Heavy equipment dealer Finning International Inc. has surprised investors by announcing its sales for next year will grow at only half the pace anticipated by analysts.
The disappointing guidance from the Vancouver-based company casts a shadow over expectations for the commodity sector. Finning is considered a bellwether because the excavators, dump trucks and bulldozers it sells are vital to mining companies, so its revenue moves in tandem with the fortunes of the resource industry.
Finning said Thursday its sales are on course to grow 26 per cent this year, but will expand only 5 per cent in 2012. Investors reacted by sending its stock price plunging 5.4 per cent on the Toronto Stock Exchange, its steepest decline in two-and-a-half months.
“The stock market doesn't like it when it's expecting 10 per cent top-line growth and management guides to 5 [per cent]” said Yuri Lynk, an analyst at Canaccord Genuity. “You can assume that that's not positive for [earnings per share]forecasts, which is what drives the stock price.”
Finning is the world's largest dealer of earthmoving equipment made by Caterpillar Inc. About half of the company's revenue comes from customers in Canada, particularly in the Alberta oil sands. It also supplies and repairs machinery for projects in South America, the U.K. and Ireland.
Despite the stock market reaction, the company remained upbeat about its prospects. “We are not seeing a slowdown in our business,” Mike Waites, Finning's president and chief executive officer, told investors and analysts at a presentation in Toronto. “But we are ready to move if we need to.”
The revenue forecast was far from being the first cloud across the global commodity industry this year. BHP Billiton Ltd., the world's biggest mining company, said in August that while it remained positive about the longer-term outlook for commodities demand, it saw “challenges” and “uncertainty” related to high levels of government debt, and slowing growth in China and India.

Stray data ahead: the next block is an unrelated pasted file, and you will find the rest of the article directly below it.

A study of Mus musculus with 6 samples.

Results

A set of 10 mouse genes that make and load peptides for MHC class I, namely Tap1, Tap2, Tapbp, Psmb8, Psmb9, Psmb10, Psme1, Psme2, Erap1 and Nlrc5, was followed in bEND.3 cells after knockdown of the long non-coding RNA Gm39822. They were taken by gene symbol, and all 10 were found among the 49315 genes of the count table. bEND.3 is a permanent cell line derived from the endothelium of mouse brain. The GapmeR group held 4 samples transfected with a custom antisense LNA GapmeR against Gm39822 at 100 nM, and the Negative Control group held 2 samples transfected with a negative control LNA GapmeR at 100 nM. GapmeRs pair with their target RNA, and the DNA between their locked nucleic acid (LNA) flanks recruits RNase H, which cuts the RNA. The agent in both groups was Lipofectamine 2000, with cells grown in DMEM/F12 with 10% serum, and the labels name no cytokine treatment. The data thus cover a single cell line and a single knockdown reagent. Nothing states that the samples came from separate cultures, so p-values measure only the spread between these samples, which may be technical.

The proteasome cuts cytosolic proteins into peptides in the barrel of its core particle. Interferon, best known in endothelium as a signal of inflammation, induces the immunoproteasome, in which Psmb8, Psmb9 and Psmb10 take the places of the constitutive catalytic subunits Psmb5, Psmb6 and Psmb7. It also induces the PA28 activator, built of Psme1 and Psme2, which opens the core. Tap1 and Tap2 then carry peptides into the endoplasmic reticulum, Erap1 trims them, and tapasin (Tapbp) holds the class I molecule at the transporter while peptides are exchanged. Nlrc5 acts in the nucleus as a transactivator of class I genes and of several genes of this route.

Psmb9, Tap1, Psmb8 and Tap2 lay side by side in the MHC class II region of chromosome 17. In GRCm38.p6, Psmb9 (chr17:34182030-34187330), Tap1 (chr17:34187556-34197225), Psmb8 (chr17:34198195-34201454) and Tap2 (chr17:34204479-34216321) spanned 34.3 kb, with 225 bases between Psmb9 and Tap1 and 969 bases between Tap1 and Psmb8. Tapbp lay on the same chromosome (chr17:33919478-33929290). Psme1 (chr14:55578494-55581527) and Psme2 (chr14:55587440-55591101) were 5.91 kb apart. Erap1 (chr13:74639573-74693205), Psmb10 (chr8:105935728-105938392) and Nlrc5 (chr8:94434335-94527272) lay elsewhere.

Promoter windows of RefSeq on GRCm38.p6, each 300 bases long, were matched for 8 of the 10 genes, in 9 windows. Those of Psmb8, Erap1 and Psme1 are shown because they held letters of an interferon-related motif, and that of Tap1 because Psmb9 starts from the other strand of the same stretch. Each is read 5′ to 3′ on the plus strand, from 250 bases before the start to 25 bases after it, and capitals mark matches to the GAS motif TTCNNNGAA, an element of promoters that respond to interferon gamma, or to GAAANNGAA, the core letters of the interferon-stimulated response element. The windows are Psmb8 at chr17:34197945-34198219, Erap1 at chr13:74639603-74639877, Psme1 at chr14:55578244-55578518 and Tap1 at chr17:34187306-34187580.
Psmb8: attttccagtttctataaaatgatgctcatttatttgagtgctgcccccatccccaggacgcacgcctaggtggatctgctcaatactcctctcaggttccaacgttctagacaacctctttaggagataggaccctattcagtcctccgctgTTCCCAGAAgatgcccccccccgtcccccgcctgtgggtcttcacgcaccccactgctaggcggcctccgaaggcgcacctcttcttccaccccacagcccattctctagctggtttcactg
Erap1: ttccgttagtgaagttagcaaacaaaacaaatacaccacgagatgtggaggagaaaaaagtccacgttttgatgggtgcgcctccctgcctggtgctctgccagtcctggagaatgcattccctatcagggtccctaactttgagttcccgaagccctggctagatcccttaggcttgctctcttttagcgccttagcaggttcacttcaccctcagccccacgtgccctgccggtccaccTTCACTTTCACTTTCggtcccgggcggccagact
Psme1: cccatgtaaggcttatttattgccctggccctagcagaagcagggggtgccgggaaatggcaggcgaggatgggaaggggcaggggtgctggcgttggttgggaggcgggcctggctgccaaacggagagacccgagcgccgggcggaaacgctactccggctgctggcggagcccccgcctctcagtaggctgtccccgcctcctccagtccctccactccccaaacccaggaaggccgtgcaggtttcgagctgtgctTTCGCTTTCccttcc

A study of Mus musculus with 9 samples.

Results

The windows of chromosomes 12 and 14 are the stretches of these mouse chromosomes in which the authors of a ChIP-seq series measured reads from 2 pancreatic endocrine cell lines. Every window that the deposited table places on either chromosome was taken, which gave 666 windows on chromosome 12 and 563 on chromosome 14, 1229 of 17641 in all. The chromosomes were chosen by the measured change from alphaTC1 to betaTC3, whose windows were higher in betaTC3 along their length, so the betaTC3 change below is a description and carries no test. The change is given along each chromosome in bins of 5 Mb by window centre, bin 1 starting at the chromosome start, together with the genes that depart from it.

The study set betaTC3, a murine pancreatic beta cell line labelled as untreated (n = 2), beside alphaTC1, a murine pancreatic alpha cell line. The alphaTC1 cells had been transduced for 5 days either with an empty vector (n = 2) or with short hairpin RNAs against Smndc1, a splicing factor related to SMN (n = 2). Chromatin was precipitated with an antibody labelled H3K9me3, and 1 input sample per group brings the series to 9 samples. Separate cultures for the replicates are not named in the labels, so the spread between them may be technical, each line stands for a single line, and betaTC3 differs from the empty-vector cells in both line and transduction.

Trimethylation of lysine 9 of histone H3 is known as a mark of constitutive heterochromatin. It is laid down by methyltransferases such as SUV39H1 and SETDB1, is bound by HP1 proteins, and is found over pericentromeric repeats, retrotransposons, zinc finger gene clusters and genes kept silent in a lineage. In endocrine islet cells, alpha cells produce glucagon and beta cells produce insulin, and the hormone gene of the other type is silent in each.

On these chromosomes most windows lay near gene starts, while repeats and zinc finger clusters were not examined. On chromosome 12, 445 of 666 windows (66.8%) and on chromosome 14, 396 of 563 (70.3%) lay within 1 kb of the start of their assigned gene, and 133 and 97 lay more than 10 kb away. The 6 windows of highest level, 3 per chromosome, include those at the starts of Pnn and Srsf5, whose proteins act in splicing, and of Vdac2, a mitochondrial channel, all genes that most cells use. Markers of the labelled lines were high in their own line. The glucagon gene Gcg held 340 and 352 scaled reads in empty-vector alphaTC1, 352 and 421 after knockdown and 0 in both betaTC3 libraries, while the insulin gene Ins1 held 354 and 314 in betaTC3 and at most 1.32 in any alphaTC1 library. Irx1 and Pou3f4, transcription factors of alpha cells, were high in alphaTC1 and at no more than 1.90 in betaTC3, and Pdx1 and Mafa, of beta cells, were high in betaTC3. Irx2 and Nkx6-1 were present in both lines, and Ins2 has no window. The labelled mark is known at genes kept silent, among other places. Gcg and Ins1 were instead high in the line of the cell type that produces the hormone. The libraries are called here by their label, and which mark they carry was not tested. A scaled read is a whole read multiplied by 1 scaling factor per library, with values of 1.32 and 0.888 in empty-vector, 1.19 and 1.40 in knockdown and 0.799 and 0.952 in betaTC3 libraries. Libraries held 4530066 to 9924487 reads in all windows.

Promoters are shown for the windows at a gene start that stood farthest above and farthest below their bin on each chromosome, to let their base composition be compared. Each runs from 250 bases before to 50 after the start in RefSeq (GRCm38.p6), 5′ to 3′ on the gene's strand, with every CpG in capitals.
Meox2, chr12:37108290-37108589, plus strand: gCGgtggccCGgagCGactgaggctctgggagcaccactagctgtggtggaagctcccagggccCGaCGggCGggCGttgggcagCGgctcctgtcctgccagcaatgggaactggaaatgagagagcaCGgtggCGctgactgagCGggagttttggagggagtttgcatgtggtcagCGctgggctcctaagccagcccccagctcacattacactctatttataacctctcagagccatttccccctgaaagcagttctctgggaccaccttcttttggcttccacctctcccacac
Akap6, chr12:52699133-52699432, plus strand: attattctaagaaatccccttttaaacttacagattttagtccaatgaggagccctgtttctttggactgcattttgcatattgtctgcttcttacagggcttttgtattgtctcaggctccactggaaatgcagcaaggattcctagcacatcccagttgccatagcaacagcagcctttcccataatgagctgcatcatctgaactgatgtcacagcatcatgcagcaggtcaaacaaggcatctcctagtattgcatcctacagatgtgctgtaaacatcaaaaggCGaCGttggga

Some observers said that Finning's disappointing guidance underlines the risks that are growing around the natural resource sector.
“You've got good visibility into 2012,” Mr. Lynk said. “The problem is: Is there going to be further investment beyond the 2012 spend? Are companies going to feel confident to make another round of investments in this market? That's the question.”
Mauk Breukels, Finning's head of investor relations, said the company's business remains strong and the supply of machines remains “tight” relative to demand.
Finning can forecast sales several years ahead because of the long lead times required to deliver large mining equipment. Orders today for the biggest Caterpillar products sold by Finning won't be delivered until 2013.
The company said on Thursday that it has a sizable backlog and that it's confident in its projections for the next three years. It anticipates 10-per-cent growth in both 2013 and 2014.
“A lot of companies are noting that there are uncertainties out there, but they're still expecting growth,” said Stephen Boland, an analyst at Odlum Brown in Vancouver. He rates Finning shares “hold.”